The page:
Holocaust literature must now exceed hundreds of thousands of volumes, the rise of Hitler to power in Germany itself thousands more tomes, but comic art has been selective. Doubtless this is partly because of the recentness of the non-fiction comic or graphic novel, but perhaps also the circumstances suggest so many narrative difficulties. The new book by David Lester, veteran agitational artist based in Vancouver, has something new to add: a microcosm of the historical events that might have foiled Hitler’s rise, but failed to do so.
Not that this is all history. The comic begins with a contemporary artist holding a leaflet against Big Pharma and often in the book, past and present are squeezed side-by-side to show us that nothing is stagnant, nothing disconnecting the present from the past…or future. The artist is Louise, in effect the narrator, a radical and visionary who feels great guilt because an activist inspired by her art fell to his death. Not that she has become skeptical of radical resistance, but of herself. The spare quality of the comic art, heavy in grays, emphasizes a grayness in the artist’s life, with an unhappy love affair or two never far from the surface. Biking together through Germany with a new acquaintance/lover, she splits with him and finds herself in a series of European museums, then back in Germany where she meets an elderly woman with a story to tell. Here the historic saga begins to begin, with sketches and an interview of sorts: like the author-artist of the book, the fictional Louise is a good listener.
The small, semi-industrial region of Lippe, almost 90% Lutheran and dominated by conservatives seeking to return to the monarchy and regain the land lost with the Versailles Treaty. Alfred Hugenberg, regional press baron, gets himself elected to parliament and becomes head of the German National Peoples Party, both anti-Nazi and anti-Communist. He is a giant of the film industry as well, owner of the studio UFA that will shortly make The Blue Angel (which in turn will make Marlene Dietrich a global icon).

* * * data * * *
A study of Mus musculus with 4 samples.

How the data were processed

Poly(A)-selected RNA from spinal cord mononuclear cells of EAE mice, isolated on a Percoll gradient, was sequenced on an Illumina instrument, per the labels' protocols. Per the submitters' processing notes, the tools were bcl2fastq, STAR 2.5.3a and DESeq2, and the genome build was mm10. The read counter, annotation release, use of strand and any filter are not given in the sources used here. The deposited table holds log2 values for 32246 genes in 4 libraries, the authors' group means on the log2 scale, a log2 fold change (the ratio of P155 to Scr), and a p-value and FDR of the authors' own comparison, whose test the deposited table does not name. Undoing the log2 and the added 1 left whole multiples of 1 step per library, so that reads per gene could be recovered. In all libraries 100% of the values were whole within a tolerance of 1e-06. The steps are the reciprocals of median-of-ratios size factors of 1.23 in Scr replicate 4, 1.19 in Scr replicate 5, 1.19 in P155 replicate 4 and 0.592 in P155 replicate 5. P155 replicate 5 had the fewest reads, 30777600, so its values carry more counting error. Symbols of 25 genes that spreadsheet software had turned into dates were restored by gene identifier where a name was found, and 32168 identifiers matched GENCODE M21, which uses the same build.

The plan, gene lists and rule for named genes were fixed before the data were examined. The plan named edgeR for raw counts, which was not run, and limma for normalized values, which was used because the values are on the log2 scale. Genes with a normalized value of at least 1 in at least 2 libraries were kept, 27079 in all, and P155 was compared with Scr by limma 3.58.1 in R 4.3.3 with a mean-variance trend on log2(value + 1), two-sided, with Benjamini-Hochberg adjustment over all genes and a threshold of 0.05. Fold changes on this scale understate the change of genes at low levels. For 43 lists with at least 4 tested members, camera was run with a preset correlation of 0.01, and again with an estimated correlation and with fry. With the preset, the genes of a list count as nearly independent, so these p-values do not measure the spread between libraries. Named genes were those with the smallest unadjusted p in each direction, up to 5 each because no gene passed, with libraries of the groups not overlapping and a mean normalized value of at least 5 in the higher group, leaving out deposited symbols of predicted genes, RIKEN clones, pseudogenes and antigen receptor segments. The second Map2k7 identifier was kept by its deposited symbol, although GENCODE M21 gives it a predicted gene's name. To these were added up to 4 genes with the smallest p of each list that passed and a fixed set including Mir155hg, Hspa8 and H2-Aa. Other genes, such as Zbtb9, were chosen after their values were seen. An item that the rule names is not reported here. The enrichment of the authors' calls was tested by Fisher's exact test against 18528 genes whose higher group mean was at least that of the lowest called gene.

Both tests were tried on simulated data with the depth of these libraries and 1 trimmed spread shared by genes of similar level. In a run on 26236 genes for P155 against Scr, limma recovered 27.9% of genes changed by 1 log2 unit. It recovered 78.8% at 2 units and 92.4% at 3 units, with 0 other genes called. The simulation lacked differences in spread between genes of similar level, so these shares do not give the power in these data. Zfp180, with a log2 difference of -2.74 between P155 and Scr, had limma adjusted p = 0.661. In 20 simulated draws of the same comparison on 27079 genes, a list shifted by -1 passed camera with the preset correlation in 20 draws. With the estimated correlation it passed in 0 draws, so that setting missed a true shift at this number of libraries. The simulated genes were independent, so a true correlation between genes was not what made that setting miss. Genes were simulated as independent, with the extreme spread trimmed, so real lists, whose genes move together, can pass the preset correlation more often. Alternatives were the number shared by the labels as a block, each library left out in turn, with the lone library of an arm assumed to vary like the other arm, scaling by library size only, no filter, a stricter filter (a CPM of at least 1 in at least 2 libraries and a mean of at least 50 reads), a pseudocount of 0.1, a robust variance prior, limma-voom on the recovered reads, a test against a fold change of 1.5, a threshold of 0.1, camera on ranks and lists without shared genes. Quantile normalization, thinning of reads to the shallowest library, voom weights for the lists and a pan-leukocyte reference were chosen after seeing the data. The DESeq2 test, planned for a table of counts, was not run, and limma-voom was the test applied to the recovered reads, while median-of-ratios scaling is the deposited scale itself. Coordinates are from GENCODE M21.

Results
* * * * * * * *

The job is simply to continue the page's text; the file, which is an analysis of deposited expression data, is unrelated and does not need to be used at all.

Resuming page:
Hitler is, by this time, approaching his entirely legal seizure of the German nation, but still treading on rather thin ice. Not only are Communist and Socialists–together more than a third of the nation—against him, but so are both liberal bourgeois forces as well as conservatives in the National Peoples Party. In Lippe, the Nazis are challenging traditionalism, the near-feudal power of big landowners over everyone else; their designation as a national but also “socialist” party is an effective guise, and more than that.
Lester shifts back and forth from the accounts of Louise’s conversation, Louise herself, and occasional “documents” like Joseph Goebbels’ meeting with Hitler in the Bavarian Alps in 1932. Then moves to German President Von Hindenburg, who is seeking ways to minimize Hitler’s influence by blunting his advance, breaking Nazi political momentum.
Lester next offers his own break: Louise remembers seeing an issue of the Berkeley Barb (one of the most original of the local underground newspapers) showing the organized, military-style destruction of People’s Park. It inspired her sculpture and continues to prompt her obsession with the purposes of political art. In Lippe, 1932, Hugenburg has declared almost a truce with Hitler; meanwhile, in current time, Louise is still searching, wondering, pondering her lover (who is somewhere else in Europe) and her own artist’s life.
In one of the strongest passages of the book—perhaps one most susceptible to excerpting somewhere—Hitler’s appeal is clearly seen as more than political, an almost mystic force (actually, a carefully manipulated set of images) that make him Germany’s “last hope,” the symbol of a nation with more than a little similarity to the Ronald Reagan “Marlboro Man” restoring virility as well as faith in weary empire America. Germany was in an infinitely worse place, of course, and Hitler had to promise a virtual overthrow of existing capitalism (while preparing to do the opposite: dismantle all resistance to it).
Much of the rest is almost an Afterword, but really a way to express the dilemmas of the artist and of the self-avowed free woman. She has won her freedom at great personal cost, and it often seems that the demands of serious, political art upon her, self-imposed demands of course, are destined to bring her more sadness and fulfillment. (She manifests this metaphorically by wrestling with a clumsy burden, a heavy mirror she is seeking to hang.) Lester frequently poses and reposes the questions of action versus inaction, prompting the reader to ask what s/he should be doing. The film noirish quality of the art itself, obviously inspired by German Expressionism (but also by the work of Ben Shahn and Eric Drooker, among others), constructed through a combination of pencil, pen, watercolor and acrylics, come offas “dark” but also as an urgent appeal.
Louise is an extraordinary original. Speaking as a reviewer of comic art since 1970 and historian of comic art, in some way, for the last thirty years, I can say that no one has captured better this dilemma of the politically-inspired artist. An achievement all the more remarkable because the author-artist of this book has managed to place himself within a female protagonist, with perhaps as much skill as the scriptwriters (one of them, later blacklist victim and my own late friend, Ring Lardner, Jr.) was to manage for his friend, that great actress of spunky women, Katharine Hepburn.